Me: You’re married?! Why didn’t you tell me?!

You: You didn’t ask!

This picture is very wrong for multiple reasons. You have the audacity to not only not wear a wedding ring, but to confront me, converse with me, flirt with me, make a move on me, and then dare to go so far as to say something is wrong with me? Ma ze? You make me sad; stop doing that.

Unfortunately, this scenario has happened to me tens of times during my stay in the motherland, and each time, I am told by these monkeys that I am naïve to believe in monogamy. It’s naïve to think that two people have the ability to stay faithful even during the toughest of times? It’s immature to believe that a couple can stay together, happily, for years and years? It’s ridiculous to want this and believe I deserve this? No. I’m sorry that you are miserable, but you better do whatever it takes to change what you can and accept what you can’t change. Remember how in love you were on your wedding day. Remember the promises you made to each other and the lives you intended to build together. Turn off the Disney channel, because it’s as far from reality as it gets, and work together regardless of how difficult it may be.

For more on Disney’s counter-reality: Lessons from The Little Mermaid

I’m a pleaser by nature: I want my partner to clearly communicate what will please him, I want to do it as best I can, and I want to be appreciated and cherished for my efforts. I am this way with friends, with lovers, and in the work place. I refuse to believe that I won’t be capable of pleasing my future husband, B’Ezrat Hashem. I realize that many marriages fail, and that many couples are not happy. It still doesn’t make me lose faith, because I have seen those rare and beautiful couples who really love each other. Hallelujah! True, you can never know the spot-on dynamics of a relationship unless you are in it, but you know what I’m talking about, right? Those sweet couples … where the husband brings flowers every Shabbat, where they still hold hands when they walk together, where they still fight and make-up as if they were teenagers all over again … I refuse to believe that I don’t deserve that. As a matter of fact, if you would listen to what makes your partner happy, you would deserve that too. You learn a lot more by listening than by talking.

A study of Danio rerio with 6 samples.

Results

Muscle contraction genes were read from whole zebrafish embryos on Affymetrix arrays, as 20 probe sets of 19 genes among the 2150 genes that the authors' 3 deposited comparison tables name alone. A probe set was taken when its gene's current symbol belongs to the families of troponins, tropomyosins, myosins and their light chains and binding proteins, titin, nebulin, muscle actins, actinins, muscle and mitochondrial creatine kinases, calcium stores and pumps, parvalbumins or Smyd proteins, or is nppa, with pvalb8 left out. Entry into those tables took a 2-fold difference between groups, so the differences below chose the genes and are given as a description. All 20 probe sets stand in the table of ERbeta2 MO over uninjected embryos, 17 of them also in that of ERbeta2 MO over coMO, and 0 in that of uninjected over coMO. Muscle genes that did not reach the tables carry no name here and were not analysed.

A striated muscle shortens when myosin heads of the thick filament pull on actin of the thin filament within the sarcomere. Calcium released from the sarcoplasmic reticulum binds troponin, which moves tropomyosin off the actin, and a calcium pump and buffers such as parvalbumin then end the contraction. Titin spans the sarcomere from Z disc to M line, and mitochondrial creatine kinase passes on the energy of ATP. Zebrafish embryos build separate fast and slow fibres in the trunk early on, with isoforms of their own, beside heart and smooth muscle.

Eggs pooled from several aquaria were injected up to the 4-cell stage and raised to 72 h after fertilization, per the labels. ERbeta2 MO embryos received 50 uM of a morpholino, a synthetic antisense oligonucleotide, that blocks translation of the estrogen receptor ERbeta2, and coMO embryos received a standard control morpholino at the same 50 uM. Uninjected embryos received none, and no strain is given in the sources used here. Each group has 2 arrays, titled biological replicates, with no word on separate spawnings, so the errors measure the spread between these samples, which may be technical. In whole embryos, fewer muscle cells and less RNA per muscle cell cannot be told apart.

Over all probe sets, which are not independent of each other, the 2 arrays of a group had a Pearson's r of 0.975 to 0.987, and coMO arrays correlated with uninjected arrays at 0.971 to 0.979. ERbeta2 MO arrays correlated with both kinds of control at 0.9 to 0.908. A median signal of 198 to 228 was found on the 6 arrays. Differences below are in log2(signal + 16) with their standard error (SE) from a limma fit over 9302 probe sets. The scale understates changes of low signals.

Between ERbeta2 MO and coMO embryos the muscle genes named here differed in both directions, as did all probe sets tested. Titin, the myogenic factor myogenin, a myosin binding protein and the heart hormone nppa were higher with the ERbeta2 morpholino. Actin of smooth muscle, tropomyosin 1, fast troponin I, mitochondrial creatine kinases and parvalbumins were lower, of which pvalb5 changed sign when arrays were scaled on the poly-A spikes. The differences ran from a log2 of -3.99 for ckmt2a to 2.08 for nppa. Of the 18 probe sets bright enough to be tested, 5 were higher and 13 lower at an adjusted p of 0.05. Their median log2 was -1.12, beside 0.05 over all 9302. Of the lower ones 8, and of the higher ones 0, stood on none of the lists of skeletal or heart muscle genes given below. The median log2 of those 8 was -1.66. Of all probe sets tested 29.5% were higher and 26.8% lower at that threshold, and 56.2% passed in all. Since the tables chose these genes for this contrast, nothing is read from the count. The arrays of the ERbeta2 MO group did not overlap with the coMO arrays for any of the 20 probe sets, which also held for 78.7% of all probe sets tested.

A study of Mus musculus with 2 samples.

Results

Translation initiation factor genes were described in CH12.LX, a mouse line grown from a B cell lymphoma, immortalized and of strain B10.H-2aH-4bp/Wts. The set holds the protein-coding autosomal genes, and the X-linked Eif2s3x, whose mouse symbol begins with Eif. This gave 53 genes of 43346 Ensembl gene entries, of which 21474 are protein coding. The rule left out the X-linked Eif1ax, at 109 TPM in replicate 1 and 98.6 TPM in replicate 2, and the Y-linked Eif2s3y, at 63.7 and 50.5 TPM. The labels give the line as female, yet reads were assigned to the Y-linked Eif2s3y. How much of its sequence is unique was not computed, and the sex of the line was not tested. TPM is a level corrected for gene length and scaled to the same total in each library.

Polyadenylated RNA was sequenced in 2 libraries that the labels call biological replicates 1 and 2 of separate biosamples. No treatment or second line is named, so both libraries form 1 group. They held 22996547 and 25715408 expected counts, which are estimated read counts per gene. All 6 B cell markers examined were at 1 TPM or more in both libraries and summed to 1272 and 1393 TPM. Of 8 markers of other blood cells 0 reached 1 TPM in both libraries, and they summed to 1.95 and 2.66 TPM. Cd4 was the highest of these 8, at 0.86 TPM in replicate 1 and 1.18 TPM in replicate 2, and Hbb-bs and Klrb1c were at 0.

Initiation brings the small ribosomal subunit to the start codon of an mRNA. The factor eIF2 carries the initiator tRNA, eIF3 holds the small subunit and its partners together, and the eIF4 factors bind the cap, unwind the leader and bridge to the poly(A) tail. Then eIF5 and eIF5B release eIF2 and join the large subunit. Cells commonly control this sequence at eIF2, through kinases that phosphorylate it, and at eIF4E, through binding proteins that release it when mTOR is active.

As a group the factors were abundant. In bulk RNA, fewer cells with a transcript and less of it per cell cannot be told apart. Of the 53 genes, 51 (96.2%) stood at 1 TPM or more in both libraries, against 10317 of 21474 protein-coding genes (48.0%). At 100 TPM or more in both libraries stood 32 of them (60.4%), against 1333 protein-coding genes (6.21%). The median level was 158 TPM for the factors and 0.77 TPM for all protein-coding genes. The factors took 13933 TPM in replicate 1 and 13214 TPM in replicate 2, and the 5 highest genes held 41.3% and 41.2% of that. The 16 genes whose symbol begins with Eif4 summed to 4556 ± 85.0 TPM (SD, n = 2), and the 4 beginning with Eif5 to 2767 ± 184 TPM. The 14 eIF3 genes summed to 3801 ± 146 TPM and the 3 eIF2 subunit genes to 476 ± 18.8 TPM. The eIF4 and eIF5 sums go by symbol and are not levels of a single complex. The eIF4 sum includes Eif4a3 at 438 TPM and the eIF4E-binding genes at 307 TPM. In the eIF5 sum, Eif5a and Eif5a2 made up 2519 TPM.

I know this tone isn’t as cheerful and peppy as the tone of my other posts, but hey, we all knew my Moroccan side would show eventually 😉 I would just show it by cooking for you, but I heard you don’t like spicy food. Is that true?


The good news is that there’s still hope. The first part of this post is dedicated to me telling you that you are shitty. But…hey, shitty man, get over yourself and appreciate what you have! Now it’s time for part two.  Simu lev:

I used to give relationship advice on an Israeli radio station in Los Angeles, and I can’t count the times people would wail about things that they could fix in their relationships if they could only participate in honest communication.


88 percent of American men and women between the ages of 20 and 29 believe that they have a soul mate who is waiting for them.  University Wire, Louisiana State University. Remember that delicious feeling? Go get it back.

“” says that in the US, 50% percent of first marriages, 67% of second and 74% of third marriages end in divorce.

Ynet had an article showing that 1/3 of Israelis who marry end in divorce. Therefore, this article is not speaking to everyone..just the select few that I have unfortunately come across during my Israeli adventure.

This is going to be cheesy, so skip it if you’re lactose intolerant:

Be a Friar and apologize even if it’s not your fault. Listen to your partner’s wants and needs, and actually try seeing the situation from his/her perspective for a change. Take care of yourself and your partner with more adoration and affection. Have more sex (if you need a babysitter, I just might be available. I have a BA in Child & Adolescent Development, you know. I don’t have kids of my own, but I do have grandchildren. Seven of them). Have more fun. Appreciate the power in saying “I need you to” as opposed to “You need to.” Be unified, because that’s what marriage is all about. And most importantly, Tizremu!

And if all else fails:

About the author

Dr. Mishmish

MBA, MA. Have more fun. Worry less. Laugh more. Be good to yourselves & others. Grow, learn, and develop.

The greatest risk in life is not taking one.